On March 30th, just in time for the Easter weekend, if you were in Troy, Ohio’s downtown square, you would have no doubt seen participants of the town’s annual Chocolate Walk. The Chocolate Walk is a community event put on by the local non-profit, Troy Main Street, featuring 23 local merchants coming together to create a cocoa-filled evening full of delicious stops.
Participants buy tickets leading up to the event and, once there, walk around to each location. At each venue, participants receive a chocolate-related item in exchange for a mark on their ticket, a three-fold win for the businesses, Troy Main Street, and event-goers.
However, there was one such stop that was especially notable, as it featured a locale that not only hosted one business, but rather two, working mutually to support one another in a way that we might not often consider, similar to the Chocolate Walk’s own cooperative efforts.
Selling her artfully crafted and scrumptious macarons, as well as giving out hearty chocolate muffins for the event, Auglaize County’s own Michelle Adams, of Michelle’s Macarons, found herself in Troy on that Friday evening to the excitement of many who were enjoying her work.
Michelle has been fully engaged in her macaron pastry business for about a year and a half and the venture has gained a lot of momentum. Michelle has thrived on both branching out to places like Bowling Green and the support of her local environment within New Bremen.
Michelle did not succeed unwittingly though. She spent 2 ½ years prior to her full-time commitment, honing her craft part-time and considering the best avenues to achieve success, and her choice to do so has seemingly payed off as her macarons speak for themselves.
To distribute her products, Michelle has used various outlets such as store fronts to sell alongside their daily inventory. She also attends farmer’s markets where customers can get a more intimate interaction with Michelle and her products.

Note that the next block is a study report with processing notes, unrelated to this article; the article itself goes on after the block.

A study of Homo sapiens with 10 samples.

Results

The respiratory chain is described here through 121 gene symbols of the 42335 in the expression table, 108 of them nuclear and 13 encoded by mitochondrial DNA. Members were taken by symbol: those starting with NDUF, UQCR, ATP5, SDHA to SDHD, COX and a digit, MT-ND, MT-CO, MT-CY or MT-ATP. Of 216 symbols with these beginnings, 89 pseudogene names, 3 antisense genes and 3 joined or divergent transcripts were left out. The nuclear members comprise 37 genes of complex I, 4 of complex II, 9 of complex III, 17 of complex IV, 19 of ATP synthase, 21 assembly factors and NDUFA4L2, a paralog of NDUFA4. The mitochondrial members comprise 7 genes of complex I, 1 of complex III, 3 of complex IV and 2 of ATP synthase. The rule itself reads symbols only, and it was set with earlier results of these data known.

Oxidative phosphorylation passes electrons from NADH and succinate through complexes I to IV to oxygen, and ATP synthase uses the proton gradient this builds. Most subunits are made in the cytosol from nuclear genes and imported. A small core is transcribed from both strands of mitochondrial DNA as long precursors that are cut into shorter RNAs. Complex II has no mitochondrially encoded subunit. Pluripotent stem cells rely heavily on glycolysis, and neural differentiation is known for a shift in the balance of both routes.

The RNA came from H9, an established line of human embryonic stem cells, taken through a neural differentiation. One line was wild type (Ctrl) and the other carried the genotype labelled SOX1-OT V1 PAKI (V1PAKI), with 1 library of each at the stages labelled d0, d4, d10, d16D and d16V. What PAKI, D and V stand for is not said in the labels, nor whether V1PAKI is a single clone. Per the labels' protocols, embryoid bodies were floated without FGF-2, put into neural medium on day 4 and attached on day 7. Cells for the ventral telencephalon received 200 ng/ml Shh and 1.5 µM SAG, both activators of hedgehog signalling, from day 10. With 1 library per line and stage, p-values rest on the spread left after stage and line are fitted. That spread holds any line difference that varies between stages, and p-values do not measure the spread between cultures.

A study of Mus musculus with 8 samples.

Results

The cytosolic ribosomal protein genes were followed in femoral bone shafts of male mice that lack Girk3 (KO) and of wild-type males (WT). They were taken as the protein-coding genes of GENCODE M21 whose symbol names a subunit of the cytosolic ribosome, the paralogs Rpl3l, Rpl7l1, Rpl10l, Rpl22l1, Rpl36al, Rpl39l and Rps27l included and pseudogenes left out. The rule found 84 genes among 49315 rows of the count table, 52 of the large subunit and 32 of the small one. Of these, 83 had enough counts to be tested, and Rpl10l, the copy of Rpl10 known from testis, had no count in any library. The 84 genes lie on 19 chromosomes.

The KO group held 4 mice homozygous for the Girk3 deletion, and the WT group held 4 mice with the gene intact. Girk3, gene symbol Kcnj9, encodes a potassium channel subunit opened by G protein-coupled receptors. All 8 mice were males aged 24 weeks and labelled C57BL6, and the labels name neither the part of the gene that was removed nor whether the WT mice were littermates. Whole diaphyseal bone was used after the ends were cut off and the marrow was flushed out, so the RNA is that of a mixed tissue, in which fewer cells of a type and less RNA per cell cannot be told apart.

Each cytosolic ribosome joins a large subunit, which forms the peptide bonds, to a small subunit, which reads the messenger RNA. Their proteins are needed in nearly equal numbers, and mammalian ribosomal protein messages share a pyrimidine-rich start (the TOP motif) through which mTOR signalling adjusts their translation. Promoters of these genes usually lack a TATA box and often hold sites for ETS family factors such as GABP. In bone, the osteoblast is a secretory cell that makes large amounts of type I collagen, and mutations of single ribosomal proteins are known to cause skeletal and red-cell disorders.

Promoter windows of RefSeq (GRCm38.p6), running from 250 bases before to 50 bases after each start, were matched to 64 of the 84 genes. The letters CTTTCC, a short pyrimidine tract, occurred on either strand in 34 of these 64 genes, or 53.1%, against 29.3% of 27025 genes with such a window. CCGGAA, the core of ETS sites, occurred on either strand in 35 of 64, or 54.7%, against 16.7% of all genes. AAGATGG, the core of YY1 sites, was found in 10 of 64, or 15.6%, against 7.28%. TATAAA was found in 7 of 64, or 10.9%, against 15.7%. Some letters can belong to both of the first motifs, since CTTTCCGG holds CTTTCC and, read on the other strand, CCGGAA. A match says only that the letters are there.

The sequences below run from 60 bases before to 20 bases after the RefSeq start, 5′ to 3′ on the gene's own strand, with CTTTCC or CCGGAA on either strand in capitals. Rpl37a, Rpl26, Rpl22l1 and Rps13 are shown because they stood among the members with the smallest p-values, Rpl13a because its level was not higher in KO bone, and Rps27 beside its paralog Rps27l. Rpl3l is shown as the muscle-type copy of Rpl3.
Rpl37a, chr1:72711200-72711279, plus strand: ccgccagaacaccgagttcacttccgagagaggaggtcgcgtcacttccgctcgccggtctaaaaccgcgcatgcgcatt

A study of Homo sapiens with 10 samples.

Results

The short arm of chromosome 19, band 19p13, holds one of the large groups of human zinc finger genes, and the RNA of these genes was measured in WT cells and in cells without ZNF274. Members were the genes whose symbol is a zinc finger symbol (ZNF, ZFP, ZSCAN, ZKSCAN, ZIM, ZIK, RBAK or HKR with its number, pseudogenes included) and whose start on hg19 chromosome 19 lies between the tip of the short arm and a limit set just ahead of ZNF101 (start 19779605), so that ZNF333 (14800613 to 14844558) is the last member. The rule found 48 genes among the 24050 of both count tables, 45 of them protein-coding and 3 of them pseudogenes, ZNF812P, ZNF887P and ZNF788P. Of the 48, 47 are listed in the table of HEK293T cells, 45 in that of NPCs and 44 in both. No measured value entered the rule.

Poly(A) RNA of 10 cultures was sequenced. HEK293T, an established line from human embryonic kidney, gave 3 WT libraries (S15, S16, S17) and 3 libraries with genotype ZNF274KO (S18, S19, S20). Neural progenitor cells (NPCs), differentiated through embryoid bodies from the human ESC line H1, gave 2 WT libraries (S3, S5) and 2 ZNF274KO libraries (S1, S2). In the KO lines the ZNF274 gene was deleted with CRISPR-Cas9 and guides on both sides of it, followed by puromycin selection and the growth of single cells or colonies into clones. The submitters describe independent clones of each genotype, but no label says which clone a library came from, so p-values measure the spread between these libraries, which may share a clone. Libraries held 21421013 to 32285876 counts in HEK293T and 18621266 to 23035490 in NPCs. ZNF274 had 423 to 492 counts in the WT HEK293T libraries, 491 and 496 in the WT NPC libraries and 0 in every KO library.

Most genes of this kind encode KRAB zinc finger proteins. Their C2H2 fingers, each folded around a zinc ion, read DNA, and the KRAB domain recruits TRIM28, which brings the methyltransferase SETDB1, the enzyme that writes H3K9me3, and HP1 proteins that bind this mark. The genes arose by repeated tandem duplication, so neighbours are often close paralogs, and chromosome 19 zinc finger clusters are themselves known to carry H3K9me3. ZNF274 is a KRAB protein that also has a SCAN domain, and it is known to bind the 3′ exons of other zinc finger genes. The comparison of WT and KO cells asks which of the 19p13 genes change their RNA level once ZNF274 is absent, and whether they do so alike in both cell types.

But here at the Chocolate Walk, Michelle was taking part in a vending experience that was similar to a farmer’s market, but the same interaction was occuring in a full restaurant space, a space that Michelle did not actually own, but was instead renting.
Michelle was being hosted as a vendor in a restaurant officially known as Lunch @ 4 W. Main, a relatively innovative idea for a business, also known as a satellite kitchen or a pop-up lunch spot.
Essentially, the space is open on weekdays from 11 am to 2 pm, and features a rotating selection of local vendors to serve, as the name entails, lunch to the average working person. The location of Lunch @ 4 W. Main is optimal too, as it really allows lesser-known food-producers to shine on Troy’s main street, a location with a lot of demand for walking distance food sources and a quick meal.
Lunch has even sparked the interest of franchise catering companies such as Bob Evans to join in on the opportunity. The only notable requisite for being a vendor is that food must be pre-made before being brought to the location. Lunch also hosts catered events and other uses for the space during its non-business hours, and is a really elegant space that matches its unique ideas.
Lunch is quite adaptive to the atmosphere of Troy, but when asked about future expansion into new regions, co-founders Jessica and Karen expressed that they believe that the satellite kitchen idea could work in many spaces. However, the two are happy to stay local and provide for the immediate Troy community for the time being.
Whether it’s an organized event, an unlikely food producer, or an innovative platform for fulfilling local demands, Friday evening’s success serves as a reminder that good business can be as much about creating innovative connections as it is about creating innovative products, a lesson we can all use a little more of going into the future.